A Positive Ending To A Miserable Month/Year

[Chart courtesy of MarketWatch.com]

  1. Moving the markets

Despite last week’s rebound and today’s green close, it simply wasn’t enough to wipe out the losses of a miserable year and an even worse December. While for 2018 the S&P 500 “only” fell -6.2%, its biggest yearly tumble in a decade, this month left a bitter aftertaste with the index dropping -9.2%, as bearish forces remained dominant.

Individual stocks fared far worse with Dow component Goldman Sachs, for example, being down some 35% YTD, however, all systemically important banks collapsed, despite reassurances of “fortress” like balance sheets. Bear markets simply don’t discriminate, which means that in 2018 no corner of the world escaped unscathed.

On Wednesday, Wall Street will be again fully staffed with traders eager to make buy/sell decisions. Sure, optimistic trade news with China could give the current rally more support, but for how long?

To me, the unanswered question, that will have the biggest market impact, is this one: If the Fed reverses its widely “blamed” policy error (hiking rates), will this result in further market declines due to total loss of confidence or form the basis for a new bull market?

Only time will tell.

Happy New Year!

  1. ETFs in the Spotlight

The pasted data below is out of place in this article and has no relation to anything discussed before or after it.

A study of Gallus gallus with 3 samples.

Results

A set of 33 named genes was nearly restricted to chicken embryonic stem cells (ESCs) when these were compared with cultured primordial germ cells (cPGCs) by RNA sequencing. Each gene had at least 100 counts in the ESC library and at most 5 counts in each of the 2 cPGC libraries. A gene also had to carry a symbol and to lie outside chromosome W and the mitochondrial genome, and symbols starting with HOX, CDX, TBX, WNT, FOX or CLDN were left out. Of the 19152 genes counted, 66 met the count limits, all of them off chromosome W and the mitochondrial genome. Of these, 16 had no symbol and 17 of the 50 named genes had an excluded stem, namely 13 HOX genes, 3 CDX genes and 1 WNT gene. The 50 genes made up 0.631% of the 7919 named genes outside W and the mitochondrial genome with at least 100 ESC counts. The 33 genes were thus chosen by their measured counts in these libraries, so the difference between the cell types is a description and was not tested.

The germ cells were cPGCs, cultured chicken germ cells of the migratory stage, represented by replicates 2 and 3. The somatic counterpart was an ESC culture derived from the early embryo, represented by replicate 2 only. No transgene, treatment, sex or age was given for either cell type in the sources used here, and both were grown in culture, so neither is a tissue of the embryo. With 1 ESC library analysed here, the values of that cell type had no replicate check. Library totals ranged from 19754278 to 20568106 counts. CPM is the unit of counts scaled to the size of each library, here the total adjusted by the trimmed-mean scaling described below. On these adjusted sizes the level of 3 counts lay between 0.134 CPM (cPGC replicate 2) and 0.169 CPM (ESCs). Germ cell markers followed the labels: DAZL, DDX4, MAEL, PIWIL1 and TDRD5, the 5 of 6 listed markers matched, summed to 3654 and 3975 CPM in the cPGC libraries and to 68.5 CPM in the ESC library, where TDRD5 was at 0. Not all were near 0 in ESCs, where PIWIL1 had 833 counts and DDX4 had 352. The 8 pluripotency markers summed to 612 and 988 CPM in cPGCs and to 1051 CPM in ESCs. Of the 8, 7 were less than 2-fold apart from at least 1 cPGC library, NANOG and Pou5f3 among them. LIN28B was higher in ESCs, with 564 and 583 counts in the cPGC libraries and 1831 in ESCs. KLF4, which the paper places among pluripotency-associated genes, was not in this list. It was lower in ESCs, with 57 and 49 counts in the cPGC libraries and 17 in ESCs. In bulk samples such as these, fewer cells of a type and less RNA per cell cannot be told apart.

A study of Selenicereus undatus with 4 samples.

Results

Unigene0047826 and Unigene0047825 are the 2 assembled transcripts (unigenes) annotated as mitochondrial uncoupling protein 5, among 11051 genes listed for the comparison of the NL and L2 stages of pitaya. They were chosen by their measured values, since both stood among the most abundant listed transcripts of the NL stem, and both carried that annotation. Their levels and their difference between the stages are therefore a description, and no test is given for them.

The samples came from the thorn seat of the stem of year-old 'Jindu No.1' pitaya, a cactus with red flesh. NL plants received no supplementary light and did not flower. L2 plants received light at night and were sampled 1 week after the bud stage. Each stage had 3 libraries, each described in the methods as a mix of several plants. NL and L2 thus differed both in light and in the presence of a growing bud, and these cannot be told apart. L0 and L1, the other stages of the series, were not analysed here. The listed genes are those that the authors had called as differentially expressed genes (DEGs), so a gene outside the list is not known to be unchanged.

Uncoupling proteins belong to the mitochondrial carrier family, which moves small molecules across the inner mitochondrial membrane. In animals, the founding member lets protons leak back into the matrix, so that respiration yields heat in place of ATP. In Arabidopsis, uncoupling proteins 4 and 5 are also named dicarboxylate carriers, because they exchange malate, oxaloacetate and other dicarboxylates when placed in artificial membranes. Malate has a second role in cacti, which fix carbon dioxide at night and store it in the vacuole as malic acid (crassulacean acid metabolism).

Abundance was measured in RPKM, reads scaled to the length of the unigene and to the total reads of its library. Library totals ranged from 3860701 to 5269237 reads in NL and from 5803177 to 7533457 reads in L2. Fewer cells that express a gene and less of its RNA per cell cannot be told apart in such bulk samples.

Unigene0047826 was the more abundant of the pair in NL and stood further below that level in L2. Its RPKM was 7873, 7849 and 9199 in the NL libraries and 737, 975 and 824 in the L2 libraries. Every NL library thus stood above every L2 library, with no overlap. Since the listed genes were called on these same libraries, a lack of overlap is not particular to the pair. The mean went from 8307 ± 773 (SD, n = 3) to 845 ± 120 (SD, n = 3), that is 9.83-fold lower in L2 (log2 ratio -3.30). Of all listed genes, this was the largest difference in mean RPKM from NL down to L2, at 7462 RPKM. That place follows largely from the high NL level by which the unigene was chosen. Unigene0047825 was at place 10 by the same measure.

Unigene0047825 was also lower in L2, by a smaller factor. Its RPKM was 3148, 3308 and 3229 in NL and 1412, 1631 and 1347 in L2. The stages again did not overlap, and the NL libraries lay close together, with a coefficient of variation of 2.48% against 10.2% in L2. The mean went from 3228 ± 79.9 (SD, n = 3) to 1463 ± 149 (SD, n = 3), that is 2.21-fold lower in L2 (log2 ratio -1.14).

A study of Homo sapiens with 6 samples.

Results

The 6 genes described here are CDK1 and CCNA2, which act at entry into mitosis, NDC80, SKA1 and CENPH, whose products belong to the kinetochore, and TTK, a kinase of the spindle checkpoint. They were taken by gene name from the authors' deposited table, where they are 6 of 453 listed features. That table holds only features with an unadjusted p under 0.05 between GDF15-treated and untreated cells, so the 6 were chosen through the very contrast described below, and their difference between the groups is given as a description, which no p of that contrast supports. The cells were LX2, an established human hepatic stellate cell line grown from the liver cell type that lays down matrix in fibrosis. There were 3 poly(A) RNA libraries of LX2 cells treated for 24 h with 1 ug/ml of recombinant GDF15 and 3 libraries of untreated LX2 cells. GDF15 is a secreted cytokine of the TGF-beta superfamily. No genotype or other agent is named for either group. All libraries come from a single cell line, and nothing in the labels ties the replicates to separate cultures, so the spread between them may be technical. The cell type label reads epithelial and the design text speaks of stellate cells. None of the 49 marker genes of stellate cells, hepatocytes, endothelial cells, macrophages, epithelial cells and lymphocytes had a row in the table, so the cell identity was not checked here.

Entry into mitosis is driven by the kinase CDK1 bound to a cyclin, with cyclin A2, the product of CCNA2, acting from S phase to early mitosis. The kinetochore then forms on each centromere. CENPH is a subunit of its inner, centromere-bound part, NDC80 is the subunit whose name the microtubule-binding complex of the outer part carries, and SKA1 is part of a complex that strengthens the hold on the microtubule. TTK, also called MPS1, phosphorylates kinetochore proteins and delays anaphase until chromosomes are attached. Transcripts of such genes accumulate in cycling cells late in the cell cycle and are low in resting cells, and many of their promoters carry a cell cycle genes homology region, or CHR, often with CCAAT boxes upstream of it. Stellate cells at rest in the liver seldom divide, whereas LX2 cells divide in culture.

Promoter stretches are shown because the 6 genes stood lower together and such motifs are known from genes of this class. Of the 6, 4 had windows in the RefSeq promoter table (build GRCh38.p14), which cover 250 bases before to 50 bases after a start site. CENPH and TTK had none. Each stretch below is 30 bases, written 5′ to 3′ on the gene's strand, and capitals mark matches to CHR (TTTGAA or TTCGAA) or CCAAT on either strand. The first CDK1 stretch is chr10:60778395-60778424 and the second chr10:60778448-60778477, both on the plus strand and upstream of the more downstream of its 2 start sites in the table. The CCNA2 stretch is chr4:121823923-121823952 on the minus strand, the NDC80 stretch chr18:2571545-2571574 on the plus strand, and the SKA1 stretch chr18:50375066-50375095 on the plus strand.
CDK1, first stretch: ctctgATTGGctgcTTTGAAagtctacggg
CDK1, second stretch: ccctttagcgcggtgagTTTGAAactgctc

In case you missed the announcement and description of this section, you can read it here again.

It features 10 broadly diversified and sector ETFs from my HighVolume list as posted every Saturday. Furthermore, they are screened for the lowest MaxDD% number meaning they have been showing better resistance to temporary sell offs than all others over the past year.

The below table simply demonstrates the magnitude with which some of the ETFs are fluctuating regarding their positions above or below their respective individual trend lines (%M/A). A break below, represented by a negative number, shows weakness, while a break above, represented by a positive percentage, shows strength.

For hundreds of ETF choices, be sure to reference Thursday’s StatSheet.

Year to date, here’s how our original candidates have fared:

Again, the %M/A column above shows the position of the various ETFs in relation to their respective long-term trend lines, while the trailing sell stops are being tracked in the “Off High” column. The “Action” column will signal a “Sell” once the -8% point has been taken out in the “Off High” column. For more volatile sector ETFs, the trigger point is -10%.

  1. Trend Tracking Indexes (TTIs)

Our Trend Tracking Indexes (TTIs) improved, as the bulls managed a green close on the last day of the year.

Here’s how we closed 12/31/2018:

Domestic TTI: -9.44% below its M/A (last close -10.17%)—Sell signal effective 11/15/2018

International TTI: -8.75% below its M/A (last close -9.37%)—Sell signal effective 10/11/2018

Disclosure: I am obliged to inform you that I, as well as my advisory clients, own some of the ETFs listed in the above table. Furthermore, they do not represent a specific investment recommendation for you, they merely show which ETFs from the universe I track are falling.